NCRP Tops Off 45th Anniversary By Highlighting Positive & Needed Trends In Philanthropy

New Issue of Responsive Philanthropy features reflections from the sector’s best at the 2021 Impact Awards and a discussion of how data efforts can be elevated to do better work

WASHINGTON DC — As the philanthropic sector looks to close out one year and welcome the next, the National Committee for Responsive Philanthropy (NCRP) is capping off its own 45th anniversary by highlighting what allies and partners can do now to build a more equitable future for all.  

The newest issue of NCRP’s Responsive Philanthropy lifts up the voices and models that the organization recently celebrated with its 2021 Impact Awards. The Nellie Mae Education Foundation (“Changing Course” Award for Incorporating Feedback), the California Wellness Foundation (“Get Up, Stand Up” Award for Rapid-Response Grantmaking), the Four Freedoms Fund (“Mover and Shaker” Award for Bold Peer Organizing) and the Third Wave Fund (“Smashing Silos” Award for Intersectional Grantmaking) were the four funders honored for exemplary practices that the entire philanthropic sector should adopt. 

NCRP has spent decades providing non-profits and allies the tools needed to hold philanthropy accountable, shifting more deliberately in recent years to encourage funders to invest in frontline movements. After two years of unprecedented social, economic, climate and public health events, the honorees of this year’s Impact Awards underscore the effectiveness of a movement-centered philanthropy model. In this issue, NCRP staff also explain how to capture meaningful data that frontline groups can use and how organizations can measure their own progress as they work to invest in change.   

“To build a fairer and more just world, leaders of philanthropies must have the courage to drive change and make their organizations better,” says NCRP President & CEO Aaron Dorfman. “We hope that this and every issue of RP provides readers the inspiration to be that courageous changemaker in their institution.” 



The following articles and all past issues of Responsive Philanthropyare available at no cost on NCRP’s website,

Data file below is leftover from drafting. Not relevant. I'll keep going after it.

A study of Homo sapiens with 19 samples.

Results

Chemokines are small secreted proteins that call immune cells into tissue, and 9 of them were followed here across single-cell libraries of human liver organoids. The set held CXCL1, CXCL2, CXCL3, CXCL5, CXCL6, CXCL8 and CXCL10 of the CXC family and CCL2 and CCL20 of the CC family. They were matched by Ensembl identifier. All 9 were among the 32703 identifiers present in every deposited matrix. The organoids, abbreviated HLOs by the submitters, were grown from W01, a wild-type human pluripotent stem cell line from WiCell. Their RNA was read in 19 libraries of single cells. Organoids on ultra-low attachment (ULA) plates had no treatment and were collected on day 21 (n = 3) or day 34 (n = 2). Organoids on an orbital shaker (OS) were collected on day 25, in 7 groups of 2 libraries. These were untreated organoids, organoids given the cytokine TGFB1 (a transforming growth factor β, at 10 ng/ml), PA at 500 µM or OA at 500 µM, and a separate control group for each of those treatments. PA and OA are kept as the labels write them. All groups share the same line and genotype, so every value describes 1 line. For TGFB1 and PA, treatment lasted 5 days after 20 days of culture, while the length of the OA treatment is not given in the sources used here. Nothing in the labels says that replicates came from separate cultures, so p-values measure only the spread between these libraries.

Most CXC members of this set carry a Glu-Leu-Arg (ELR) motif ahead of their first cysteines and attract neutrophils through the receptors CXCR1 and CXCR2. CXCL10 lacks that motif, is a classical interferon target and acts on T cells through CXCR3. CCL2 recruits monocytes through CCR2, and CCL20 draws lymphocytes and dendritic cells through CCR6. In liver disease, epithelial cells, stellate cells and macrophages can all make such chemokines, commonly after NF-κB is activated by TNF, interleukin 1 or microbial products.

In Their Words: Celebrating Philanthropy’s Best Models Today  

At a time of great upheaval and change, the four winners of the Impact Awards listened to the communities they served and made changes to grantmaking models and empowered them to address needs efficiently. The four recipients’ speeches are transcribed in full in this issue. 

Three Lessons 2020 Taught Us About the State of Philanthropic Data 

Stephanie Peng, Senior Associate for Movement Research at NCRP, argues that the future of movement investment is inextricable from a rebuilt data infrastructure: one that is timelier, takes in quantitative and qualitative data for context and narrative, and is built to center movements. As she writes,  “If we invest the time and resources to build a tool that empowers communities to advocate for more funding and points out gaps in funding that could inform foundation strategies, everyone will use it.” 

Learning – And Change – Begins At Home 

NCRP also follows its own advice, emphasizing that learning begins at home with a large-scale evaluation that took place this year halfway through NCRP’s ten-year strategic framework. This interview with Lisa Ranghelli, former Director of Evaluation is a central piece for reflecting on what has been accomplished and the challenges and opportunities for the next five years and beyond. 



The National Committee for Responsive Philanthropy (NCRP) has served as philanthropy’s critical friend and independent watchdog since 1976. We work with foundations, nonprofits, social justice movements and other leaders to ensure that the sector is transparent with, and accountable to, those with the least wealth, power, and opportunity in American society.  

 Our storytelling, advocacy and research efforts, in partnership with grantees, help funders fulfill their moral and practical duty to build, share and wield economic resources and power to serve public purposes in pursuit of justice.  

Together, we can create a just and equitable world where all communities get the resources they need to thrive.